Florida v. Nixon - Oral Argument - November 02, 2004

Florida v. Nixon

Media for Florida v. Nixon

Audio Transcription for Opinion Announcement - December 13, 2004 in Florida v. Nixon

Audio Transcription for Oral Argument - November 02, 2004 in Florida v. Nixon

John Paul Stevens:

We'll now hear argument in Florida against Nixon.

Mr. Lemieux.

George S. Lemieux:

Justice Stevens, and may it please the Court:

When experienced counsel thoroughly investigates, prepares for trial, and discusses his trial strategy with his client, a challenge for effectiveness may not presume prejudice.

Rather, this Court's two-part inquiry, articulated in Strickland v. Washington, is the proper measure.

The Florida Supreme Court erred in its decision below for three main reasons.

First, they failed to apply Strickland's two-part circumstance-specific, performance prejudice inquiry to a question of trial strategy.

Second, it improperly presumed prejudice under this Court's decision in United States v. Cronic where there was neither a complete denial of counsel, nor did counsel entirely fail to subject the State's case to meaningful adversarial testing.

Third, the Florida Supreme Court improperly expanded this Court's decision in Boykin v. Alabama from governing pleas of guilt to governing tactical decisions made during full-fledged trials.

For these three reasons and because the Florida court's decision conflicts with Strickland and its progeny and will disrupt the effective administration of justice, we request reversal.

Sandra Day O'Connor:

Counsel, was... was the attorney's essential concession of guilt sort of the functional equivalent of a guilty plea, do you think?

George S. Lemieux:

No, Justice O'Connor, it was not.

Mr. Corin, after speaking to his client on three occasions about this trial strategy, sought to concede the underlying... the underlying crimes but to argue what was the most essential part of this case, and that was whether or not death should be the outcome of the jury.

Sandra Day O'Connor:

Well, yes, he clearly tried to preserve a role in the sentencing, but we often have guilty pleas and then leave the sentencing to be determined.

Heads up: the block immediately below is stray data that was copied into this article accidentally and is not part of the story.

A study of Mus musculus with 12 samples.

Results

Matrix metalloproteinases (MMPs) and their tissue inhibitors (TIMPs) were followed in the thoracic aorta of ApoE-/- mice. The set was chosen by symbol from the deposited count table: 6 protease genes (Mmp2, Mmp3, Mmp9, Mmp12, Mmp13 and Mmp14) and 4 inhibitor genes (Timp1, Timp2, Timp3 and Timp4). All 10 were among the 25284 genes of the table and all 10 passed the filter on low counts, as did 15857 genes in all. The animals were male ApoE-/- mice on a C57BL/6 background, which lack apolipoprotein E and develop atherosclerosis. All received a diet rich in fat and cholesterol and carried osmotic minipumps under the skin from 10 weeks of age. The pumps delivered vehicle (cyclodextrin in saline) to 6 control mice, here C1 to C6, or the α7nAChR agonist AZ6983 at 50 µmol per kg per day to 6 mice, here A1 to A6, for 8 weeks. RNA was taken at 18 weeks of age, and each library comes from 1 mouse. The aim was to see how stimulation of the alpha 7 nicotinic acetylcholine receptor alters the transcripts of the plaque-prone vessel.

Was... was what he did concerning the guilt/innocence phase the equivalent of a guilty plea, do you think?

George S. Lemieux:

It was not, Your Honor, because a guilty plea, as this Court talked about in Boykin v. Alabama, gives up rights of the defendant.

The lawyer and the defendant waive rights.

They waive the right to trial.

They waive the right to have the State prove their case beyond a reasonable doubt.

They waive the right to have a jury, to confront witnesses, to cross examine, all of the attendant trial rights.

Mr. Nixon--

Sandra Day O'Connor:

Was there any cross examination of witnesses conducted?

George S. Lemieux:

--There was some cross examination, not a lot.

There was cross examination of one of Mr. Nixon's uncles, who was one of the seven confessions in this case, and we don't know specifically why Mr. Corin engaged in that cross examination.

It could be because that was probably the weakest of the seven confessions and perhaps he wanted the jury to hear that that confession was weak.

Antonin Scalia:

There was also an objection to introduction of... of photographs that... that were inflammatory, wasn't there?

George S. Lemieux:

Yes, there was, Justice Scalia.

In fact, you know, Mr. Nixon was... was very much engaged in the guilt phase of this trial.

He objected to the introduction of evidence.

Antonin Scalia:

Those photographs would have infected the... the penalty phase, as well as the guilt phase.